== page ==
We know that resistance to chemicals is increasing and so it is important for woolgrowers to adopt management strategies.
There are a number of management strategies that sheep producers can adopt to minimise the development of resistance or at least delay the onset of resistance.
- Adopt an integrated pest management strategy that incorporates non-chemical controls such as genetic selection and timing of shearing and crutching to reduce the reliance on chemicals.
- Only use insecticides when absolutely necessary. This reduces selection pressure.
- If treatment is needed, make sure it is applied effectively - do it right, once!
- Know which insecticides belong to which insecticide class. If treatments for lice and flystrike are deemed necessary, use different insecticides and appropriate classes for each pest. Use the Flyboss tools to ensure that you are using different classes of chemical for flystrike and lice treatment.
- Use insecticides from different classes for treating and preventing flystrike. This is particularly important if relying on insecticides to kill larvae on flystruck sheep. It is important to break the cycle and ensure maggots on struck sheep do not survive. Non-insecticidal methods are more reliable than flystrike dressings for this purpose - dressings are mainly to prevent re-strike.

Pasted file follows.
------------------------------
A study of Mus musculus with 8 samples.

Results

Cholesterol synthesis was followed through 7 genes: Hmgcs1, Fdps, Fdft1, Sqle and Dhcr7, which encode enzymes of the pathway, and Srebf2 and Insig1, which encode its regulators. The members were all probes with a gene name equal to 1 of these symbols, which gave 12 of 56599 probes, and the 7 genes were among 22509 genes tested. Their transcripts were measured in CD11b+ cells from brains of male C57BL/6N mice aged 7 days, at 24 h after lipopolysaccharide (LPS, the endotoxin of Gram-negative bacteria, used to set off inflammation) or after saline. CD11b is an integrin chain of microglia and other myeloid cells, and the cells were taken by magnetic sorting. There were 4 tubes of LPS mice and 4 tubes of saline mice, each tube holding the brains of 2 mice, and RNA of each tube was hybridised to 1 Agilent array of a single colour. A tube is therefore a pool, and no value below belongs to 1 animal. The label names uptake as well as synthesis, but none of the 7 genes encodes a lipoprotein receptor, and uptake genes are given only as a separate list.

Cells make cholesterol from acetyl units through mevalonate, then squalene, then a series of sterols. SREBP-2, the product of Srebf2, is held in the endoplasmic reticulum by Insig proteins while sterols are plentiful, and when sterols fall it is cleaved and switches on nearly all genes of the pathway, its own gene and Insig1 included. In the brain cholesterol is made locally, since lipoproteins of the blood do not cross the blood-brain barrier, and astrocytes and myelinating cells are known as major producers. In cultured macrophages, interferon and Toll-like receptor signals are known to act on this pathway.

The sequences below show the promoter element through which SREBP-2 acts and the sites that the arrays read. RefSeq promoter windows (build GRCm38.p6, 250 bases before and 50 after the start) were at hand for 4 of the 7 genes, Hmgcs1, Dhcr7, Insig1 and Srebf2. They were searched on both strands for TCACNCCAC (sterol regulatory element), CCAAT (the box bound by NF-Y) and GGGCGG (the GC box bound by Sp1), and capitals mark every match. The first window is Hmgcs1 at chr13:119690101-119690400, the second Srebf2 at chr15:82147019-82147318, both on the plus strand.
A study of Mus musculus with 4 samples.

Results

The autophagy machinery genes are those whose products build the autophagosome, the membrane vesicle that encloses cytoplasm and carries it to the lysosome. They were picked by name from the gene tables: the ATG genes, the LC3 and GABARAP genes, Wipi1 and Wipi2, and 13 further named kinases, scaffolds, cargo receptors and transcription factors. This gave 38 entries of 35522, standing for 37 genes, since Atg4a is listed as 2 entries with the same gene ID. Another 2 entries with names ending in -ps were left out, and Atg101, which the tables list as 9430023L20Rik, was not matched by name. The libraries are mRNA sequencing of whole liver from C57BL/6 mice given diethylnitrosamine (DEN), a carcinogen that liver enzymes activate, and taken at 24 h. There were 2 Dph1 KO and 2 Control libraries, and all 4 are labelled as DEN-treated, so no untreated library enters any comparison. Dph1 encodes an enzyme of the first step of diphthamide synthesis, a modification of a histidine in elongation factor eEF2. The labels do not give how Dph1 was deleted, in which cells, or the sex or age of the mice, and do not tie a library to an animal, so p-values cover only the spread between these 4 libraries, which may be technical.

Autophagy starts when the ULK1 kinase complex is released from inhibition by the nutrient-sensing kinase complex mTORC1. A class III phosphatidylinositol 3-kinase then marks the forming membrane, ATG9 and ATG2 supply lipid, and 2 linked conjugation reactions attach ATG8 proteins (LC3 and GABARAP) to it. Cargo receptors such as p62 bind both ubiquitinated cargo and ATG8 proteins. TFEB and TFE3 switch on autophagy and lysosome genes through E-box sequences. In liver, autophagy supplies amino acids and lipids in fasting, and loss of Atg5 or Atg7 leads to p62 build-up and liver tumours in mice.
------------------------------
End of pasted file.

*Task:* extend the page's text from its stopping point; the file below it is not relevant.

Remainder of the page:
- Be aware that resistance to one insecticide may cause a cross-resistance to another related insecticide.
- As with all chemical treatments, follow the label directions and keep a record of the product (including batch number), dose rate, date of treatment and mob treated, for future reference.
For more information, visit the Flyboss website.
Insecticide Resistance Testing
AWI has partnered with NSW DPI to determine the insecticide resistance profiles of blowflies across all wool producing states.
As part of the project, FREE insecticide resistance testing is available to woolgrowers to determine the most cost effective ecto-parasite treatments for their sheep.
This project is gathering baseline data on newer chemicals for future reference. By participating in the research and providing maggot samples, woolgrowers will receive feedback on which chemical groups are most effective for their flock.
The maggot collection kit
Collect 20 or more blowfly maggots in the tubes, fill in the strike record sheet and send to DPI NSW in the padded reply-paid envelope provided.
Your confidentiality will be maintained, and results for the project only attributed to a region or state. At the conclusion of the project you will also receive information at a state level and, if enough submissions are received, at a regional level.
To receive the kit, contact Narelle Sales at DPI NSW who will send you a maggot collection kit.